Paris: Obesity is becoming the most prevalent public health problem in industrialised nations, the Organisation for Economic Cooperation and Development (OECD) said Thursday, and called on governments to take comprehensive action to tackle it.
Since 1980, when fewer than one in 10 people in OECD member nations were obese, rates have doubled and even tripled in many countries, the OECD said in a report released Thursday in Paris.
"If recent trends continue, projections suggest that more than two out of three people will be overweight or obese in at least some OECD countries within the next 10 years," the OECD said in the study, "Obesity and the Economics of Prevention".
According to the OECD`s website, one is obese when one has a body mass index (BMI) of 30. The BMI is calculated by dividing a person`s weight in kilograms by the square of one`s height in metres.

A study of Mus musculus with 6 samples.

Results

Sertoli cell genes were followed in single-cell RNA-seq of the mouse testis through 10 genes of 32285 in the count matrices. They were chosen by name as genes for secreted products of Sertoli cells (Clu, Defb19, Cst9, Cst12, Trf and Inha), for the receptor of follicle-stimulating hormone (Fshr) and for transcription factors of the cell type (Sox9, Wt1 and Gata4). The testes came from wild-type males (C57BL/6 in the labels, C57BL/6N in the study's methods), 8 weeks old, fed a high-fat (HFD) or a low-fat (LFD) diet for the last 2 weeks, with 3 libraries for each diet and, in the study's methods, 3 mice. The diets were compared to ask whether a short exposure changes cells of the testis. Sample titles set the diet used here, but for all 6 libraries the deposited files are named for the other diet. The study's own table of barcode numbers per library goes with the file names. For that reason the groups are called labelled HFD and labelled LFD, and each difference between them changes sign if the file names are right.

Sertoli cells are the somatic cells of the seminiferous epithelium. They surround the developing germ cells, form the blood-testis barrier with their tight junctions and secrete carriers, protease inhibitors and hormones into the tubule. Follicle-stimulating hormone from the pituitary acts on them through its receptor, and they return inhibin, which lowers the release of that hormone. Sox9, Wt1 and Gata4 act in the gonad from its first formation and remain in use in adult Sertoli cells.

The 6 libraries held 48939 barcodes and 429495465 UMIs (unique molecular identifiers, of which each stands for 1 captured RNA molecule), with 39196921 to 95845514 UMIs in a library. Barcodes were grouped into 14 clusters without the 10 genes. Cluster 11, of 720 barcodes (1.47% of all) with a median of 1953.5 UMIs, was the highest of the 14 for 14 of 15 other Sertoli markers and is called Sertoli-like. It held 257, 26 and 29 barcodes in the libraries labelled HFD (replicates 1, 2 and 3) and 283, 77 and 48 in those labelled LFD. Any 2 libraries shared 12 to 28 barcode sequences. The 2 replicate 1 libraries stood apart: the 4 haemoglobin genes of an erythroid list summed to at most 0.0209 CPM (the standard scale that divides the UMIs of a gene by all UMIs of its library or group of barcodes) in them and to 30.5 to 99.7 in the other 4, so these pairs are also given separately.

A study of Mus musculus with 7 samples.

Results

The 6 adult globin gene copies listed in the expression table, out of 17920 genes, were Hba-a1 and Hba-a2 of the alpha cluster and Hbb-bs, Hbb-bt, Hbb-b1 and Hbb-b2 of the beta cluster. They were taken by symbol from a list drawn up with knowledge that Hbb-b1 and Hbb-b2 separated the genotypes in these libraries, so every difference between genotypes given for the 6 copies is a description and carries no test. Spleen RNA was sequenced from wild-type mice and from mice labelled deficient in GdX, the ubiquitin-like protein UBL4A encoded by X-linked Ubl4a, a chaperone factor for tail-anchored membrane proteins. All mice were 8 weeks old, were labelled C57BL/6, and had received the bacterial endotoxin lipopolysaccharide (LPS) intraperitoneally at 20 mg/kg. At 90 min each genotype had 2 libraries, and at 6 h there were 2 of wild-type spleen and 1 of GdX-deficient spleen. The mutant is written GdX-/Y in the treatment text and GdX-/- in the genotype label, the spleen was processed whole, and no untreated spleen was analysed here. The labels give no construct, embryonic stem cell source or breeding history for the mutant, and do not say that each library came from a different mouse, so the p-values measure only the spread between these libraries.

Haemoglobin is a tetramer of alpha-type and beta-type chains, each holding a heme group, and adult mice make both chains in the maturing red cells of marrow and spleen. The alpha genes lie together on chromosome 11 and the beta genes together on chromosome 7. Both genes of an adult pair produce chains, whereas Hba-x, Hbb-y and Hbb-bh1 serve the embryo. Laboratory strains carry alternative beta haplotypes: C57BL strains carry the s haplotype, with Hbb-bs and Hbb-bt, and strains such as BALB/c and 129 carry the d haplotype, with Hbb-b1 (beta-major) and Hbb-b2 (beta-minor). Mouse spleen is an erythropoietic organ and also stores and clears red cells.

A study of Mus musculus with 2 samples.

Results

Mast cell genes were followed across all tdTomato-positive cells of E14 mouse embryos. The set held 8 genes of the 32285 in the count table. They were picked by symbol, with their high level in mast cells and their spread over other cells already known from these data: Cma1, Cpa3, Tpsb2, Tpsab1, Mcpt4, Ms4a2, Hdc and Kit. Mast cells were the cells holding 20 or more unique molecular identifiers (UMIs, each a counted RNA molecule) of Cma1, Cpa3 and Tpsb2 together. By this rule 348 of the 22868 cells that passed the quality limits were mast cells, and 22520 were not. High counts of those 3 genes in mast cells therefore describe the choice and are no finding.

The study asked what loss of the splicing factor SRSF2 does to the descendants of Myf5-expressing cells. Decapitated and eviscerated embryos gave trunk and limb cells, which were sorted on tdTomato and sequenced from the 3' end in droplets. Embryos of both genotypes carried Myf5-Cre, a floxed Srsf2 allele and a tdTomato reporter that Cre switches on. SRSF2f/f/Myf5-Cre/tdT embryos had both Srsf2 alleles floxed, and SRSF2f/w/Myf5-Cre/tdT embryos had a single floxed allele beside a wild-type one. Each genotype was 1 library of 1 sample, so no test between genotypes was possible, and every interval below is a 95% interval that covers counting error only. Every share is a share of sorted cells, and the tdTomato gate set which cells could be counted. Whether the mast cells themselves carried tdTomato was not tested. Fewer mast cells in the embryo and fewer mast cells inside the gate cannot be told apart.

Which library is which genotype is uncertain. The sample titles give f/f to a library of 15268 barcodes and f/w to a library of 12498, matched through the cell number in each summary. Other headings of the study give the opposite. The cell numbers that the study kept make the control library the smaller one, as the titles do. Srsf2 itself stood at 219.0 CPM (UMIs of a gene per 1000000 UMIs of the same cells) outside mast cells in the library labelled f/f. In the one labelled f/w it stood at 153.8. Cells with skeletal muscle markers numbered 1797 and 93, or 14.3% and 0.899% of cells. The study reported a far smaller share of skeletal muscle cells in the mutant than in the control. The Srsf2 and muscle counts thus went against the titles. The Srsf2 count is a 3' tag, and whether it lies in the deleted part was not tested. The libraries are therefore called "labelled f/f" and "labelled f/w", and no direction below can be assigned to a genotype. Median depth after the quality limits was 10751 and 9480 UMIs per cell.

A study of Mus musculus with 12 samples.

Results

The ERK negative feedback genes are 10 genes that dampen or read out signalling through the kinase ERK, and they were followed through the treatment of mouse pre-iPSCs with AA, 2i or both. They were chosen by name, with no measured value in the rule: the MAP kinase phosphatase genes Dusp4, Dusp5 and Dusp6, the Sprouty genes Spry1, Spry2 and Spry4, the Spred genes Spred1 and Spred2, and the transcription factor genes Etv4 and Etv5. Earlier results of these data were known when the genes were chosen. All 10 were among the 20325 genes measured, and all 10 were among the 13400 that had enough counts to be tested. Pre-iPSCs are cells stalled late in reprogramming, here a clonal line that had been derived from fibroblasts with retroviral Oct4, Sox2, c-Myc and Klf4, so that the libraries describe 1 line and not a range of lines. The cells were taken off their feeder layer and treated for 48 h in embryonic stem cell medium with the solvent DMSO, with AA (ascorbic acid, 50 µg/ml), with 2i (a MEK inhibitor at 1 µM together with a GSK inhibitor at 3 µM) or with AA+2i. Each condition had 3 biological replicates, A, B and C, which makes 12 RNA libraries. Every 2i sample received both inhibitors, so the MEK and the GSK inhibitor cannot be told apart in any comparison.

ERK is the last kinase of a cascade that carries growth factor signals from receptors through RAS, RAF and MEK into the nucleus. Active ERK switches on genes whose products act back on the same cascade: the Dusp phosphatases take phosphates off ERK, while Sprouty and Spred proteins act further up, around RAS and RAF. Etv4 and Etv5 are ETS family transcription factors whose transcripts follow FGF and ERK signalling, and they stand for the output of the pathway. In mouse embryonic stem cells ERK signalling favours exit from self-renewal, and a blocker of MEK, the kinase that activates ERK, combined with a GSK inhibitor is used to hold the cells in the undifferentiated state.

The reasons for the surge in obesity include: changes in food production that "have cut the price of calories dramatically", changing living and working conditions that reduced the amount of physical activity, increased levels of stress, and longer working hours, the OECD said.
Women are more often obese than men, but male obesity rates have been growing faster than female rates in most OECD countries.
In addition, obesity is more common among the poor and the less educated. These social disparities are also present in obesity rates for children, the organisation said.
Perhaps not surprisingly, the problem is most acute in the world`s most prosperous country, the US, where in 2008 nearly three in four women and two in three men were overweight, and about one-third of all adults were obese.
As a result, obesity accounts for between five and 10 percent of total health expenditure in the US, compared to one to three percent in most other countries.
"And costs will rise rapidly in coming years as obesity-related diseases set in," the OECD warned.
The organisation called on governments to take action to "help people change their lifestyle", including health education and promotion, regulation and fiscal measures as well as lifestyle counseling by physicians.
These methods "are a better investment than many treatments currently provided by OECD health care systems", the organisation said.
Such a comprehensive strategy would prevent 155,000 deaths from chronic diseases in Japan every year, 75,000 in Italy, 70,000 in Britain and 40,000 in Canada.